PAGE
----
Hundreds of people gathered at the V36 park in the early hours of Saturday, May 7 for the Darkness Into Light suicide awareness walk.
More than 500 people took part in the event, which saw participants set off in darkness at 4.30am and walk or run along a 5km route into the early morning light.
As well as raising awareness about the issues of suicide and self harm, Darkness Into Light 2016, supported by Electric Ireland, also raised thousands of pounds for the Pieta House crisis centre and local charity Lighthouse.
The V36 (Valley Park) walk - the first time the international event has come to Co Antrim - was organised by Newtownabbey woman Colette Snoddy in memory of her son Matthew, who tragically took his own life last year.
She was supported by a committee of local volunteers, in conjunction with Antrim and Newtownabbey Borough Council.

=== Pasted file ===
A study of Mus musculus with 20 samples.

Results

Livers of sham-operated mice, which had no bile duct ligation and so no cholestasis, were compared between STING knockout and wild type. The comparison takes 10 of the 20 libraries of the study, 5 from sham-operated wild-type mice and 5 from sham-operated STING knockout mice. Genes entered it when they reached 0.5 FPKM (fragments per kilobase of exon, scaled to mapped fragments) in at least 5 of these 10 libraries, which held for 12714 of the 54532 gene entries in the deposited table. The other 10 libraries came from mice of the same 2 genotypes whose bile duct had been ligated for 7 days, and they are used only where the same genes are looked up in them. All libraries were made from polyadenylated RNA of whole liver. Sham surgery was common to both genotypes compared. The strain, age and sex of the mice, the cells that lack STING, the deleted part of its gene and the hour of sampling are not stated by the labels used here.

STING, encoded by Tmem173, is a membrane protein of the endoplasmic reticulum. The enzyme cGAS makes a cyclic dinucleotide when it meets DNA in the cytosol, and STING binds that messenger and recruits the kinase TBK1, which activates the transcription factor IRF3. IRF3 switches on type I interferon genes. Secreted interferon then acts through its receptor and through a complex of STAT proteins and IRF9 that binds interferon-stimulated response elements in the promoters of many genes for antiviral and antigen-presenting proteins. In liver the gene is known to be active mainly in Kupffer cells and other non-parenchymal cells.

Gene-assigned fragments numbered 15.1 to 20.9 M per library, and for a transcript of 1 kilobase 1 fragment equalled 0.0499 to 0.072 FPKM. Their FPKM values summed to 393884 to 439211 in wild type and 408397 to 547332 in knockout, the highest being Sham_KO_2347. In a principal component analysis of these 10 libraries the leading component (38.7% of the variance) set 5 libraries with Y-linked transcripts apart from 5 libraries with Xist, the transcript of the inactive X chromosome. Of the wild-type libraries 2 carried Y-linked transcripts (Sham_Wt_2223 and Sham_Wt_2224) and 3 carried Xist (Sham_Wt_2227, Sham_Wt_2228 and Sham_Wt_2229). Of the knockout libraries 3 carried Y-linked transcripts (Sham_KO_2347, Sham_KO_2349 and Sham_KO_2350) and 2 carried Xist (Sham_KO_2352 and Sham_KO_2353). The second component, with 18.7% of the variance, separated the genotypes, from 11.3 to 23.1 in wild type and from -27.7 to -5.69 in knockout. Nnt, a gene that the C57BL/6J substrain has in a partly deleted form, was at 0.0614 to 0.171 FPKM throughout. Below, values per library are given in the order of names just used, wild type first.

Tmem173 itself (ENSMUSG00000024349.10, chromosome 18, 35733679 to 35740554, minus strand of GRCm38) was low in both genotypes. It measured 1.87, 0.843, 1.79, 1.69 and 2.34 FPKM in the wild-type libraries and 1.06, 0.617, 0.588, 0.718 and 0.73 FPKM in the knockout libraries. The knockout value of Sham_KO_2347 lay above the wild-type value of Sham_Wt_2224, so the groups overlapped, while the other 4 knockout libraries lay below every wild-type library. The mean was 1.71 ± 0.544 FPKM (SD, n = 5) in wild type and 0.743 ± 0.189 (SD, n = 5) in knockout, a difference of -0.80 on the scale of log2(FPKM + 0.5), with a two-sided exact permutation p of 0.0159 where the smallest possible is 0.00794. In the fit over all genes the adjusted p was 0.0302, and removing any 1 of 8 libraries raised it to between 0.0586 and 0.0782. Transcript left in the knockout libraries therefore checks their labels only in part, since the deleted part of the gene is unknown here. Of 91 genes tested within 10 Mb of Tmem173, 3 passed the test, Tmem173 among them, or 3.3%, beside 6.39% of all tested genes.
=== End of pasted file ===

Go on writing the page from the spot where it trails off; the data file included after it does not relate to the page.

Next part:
During the event, many people carried candles in memory of lost loved ones, while others wrote messages on the ‘Banner of Hope’.
Reflecting on the success of the first ever Darkness Into Light walk in Newtownabbey, Mrs Snoddy said: “It was great; a very moving but very uplifting experience. It was really lovely and I was really pleased that so many people came out at that time of the morning to take part.”
Mrs Snoddy knows that suicide is a “taboo subject” for many, but hopes that events such as Darkness Into Light will encourage more people to be open and talk about suicide, bringing hope to those in crisis.
Chairman of the DIL organising committee, Cllr John Scott, who lost his sister and a nephew to suicide last year, described the turnout for the walk as “amazing”.
“I was there from about 2.30am and one by one you just saw the cars coming in and before we knew it they were tailed right back on to Church Road. It was absolutely fantastic,” he said.
“We lifted over £3,000 on the morning itself, but there is a lot more money to come in.”
Cllr Scott thanked all those who took part or supported the event, particularly Tesco Newtownabbey which supplied water, fruit and energy bars for the participants.
He added: “We’re really, really pleased with how it went. It was really emotional and a lot of people were crying, but the main thing that came out of the whole thing was the feeling of hope that people shared.”